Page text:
Updated at 4:05 p.m.: Later Wednesday afternoon, the House voted 129-6 in favor of the compromise. It now goes to the Senate.
As he made the case against banning handheld cellphone use while driving, Gov. Peter Shumlin said, "You can't legislate common sense."
Apparently, Vermont's going to try.
Soon after House and Senate conferees signed off on a compromise ban Wednesday afternoon, Shumlin dropped his long-held opposition to the measure. He was swayed, it appears, by a face-saving amendment preventing points from being assessed on those caught violating the ban.
"Gov. Shumlin wanted to ensure the bill made sense for Vermont, wouldn't increase Vermonters’ insurance rates or harm their driving records," spokeswoman Sue Allen said in a written statement. "He appreciated the legislature's willingness to compromise on this bill, and expects to sign it."
First, the House and Senate will have to approve the compromise, which also delays its implementation from July until October and mandates a public education campaign to spread awareness of the new law.
The resolution puts to an end an unusual clash between two veteran senators, both of whom often serve as loyal deputies to Shumlin.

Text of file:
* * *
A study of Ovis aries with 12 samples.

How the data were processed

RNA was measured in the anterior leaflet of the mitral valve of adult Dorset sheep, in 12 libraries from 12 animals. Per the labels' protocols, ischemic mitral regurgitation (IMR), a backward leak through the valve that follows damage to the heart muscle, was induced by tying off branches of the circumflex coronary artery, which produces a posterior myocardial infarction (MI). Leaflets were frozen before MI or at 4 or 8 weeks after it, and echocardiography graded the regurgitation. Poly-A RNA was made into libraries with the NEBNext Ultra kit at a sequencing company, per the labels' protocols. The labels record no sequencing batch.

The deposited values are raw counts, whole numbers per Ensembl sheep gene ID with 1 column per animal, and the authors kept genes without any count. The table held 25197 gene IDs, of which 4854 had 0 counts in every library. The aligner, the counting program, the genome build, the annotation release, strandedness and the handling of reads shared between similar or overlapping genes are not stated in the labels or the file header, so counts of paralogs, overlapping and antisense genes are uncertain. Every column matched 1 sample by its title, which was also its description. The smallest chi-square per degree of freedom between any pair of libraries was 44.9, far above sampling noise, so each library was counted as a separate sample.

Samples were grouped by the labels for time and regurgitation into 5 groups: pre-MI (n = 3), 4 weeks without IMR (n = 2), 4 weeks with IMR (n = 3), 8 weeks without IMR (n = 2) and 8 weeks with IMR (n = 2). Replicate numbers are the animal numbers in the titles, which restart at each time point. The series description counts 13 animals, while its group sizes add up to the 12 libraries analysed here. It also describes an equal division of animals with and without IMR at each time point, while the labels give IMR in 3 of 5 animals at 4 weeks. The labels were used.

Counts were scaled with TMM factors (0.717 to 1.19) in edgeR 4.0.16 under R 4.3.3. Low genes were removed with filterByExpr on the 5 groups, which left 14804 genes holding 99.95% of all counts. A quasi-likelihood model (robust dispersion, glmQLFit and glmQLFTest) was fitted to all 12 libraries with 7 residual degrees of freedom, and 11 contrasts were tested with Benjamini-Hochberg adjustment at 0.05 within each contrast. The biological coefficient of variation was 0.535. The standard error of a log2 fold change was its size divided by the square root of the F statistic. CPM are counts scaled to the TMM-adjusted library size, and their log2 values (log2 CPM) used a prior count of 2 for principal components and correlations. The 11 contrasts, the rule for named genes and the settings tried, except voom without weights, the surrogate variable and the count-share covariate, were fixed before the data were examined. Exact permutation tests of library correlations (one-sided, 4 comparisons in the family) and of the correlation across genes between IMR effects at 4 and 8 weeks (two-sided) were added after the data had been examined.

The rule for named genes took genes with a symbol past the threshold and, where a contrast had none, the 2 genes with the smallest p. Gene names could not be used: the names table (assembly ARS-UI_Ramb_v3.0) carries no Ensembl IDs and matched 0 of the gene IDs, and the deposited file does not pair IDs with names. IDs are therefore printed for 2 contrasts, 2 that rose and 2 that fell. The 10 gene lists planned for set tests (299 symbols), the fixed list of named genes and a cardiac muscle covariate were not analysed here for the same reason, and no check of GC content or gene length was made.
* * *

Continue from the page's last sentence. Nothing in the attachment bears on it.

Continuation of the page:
Sen. Dick Mazza (D-Grand Isle), who had previously opposed the bill, breathed new life into it in January, when he made it a priority of the Senate Transportation Committee, which he chairs. Opposing it was Sen. Dick Sears (D-Bennington), who bottled up the legislation in his Senate Judiciary Committee — even after the House overwhelmingly approved it in February.
After being left for dead, the ban was resurrected last week when the House appended it to an unrelated bill making changes to the Department of Motor Vehicles. Though the Senate was poised to pass it outright on Monday, its members agreed to send the proposed legislation to conference committee, so that a compromise more palatable to the governor could be forged.
Though Shumlin could have vetoed the bill, his veto quite likely would have been overridden.
On Wednesday, Rep. David Potter (D-Rutland) told his fellow conferees that the House would prefer to assess points on those who violate the ban — in part so that the penalty is the same as for those caught texting while driving. (Anyone under 18 or driving in work zones would still face two points under the compromise.)
"Who's ever going to admit they were texting, and how do you sort of prove that?" he asked.
But Potter said his fellow negotiators could live with the compromise. And even Sears called it "a much better bill than what we were confronted with earlier in the session" — though he declined to sign off on it.
Both he and Mazza made clear that, though their fight was bitter, they harbored no hard feelings.
"Sen. Sears and I are still friends," Mazza told those gathered for the conference committee meeting.
His colleague echoed the point.
"Sen. Mazza and I remain friends," Sears said. "But I don't know when he's going to take some little road project away."
After signing off on the compromise, Mazza joked, "I'll go up there and get the governor's signature."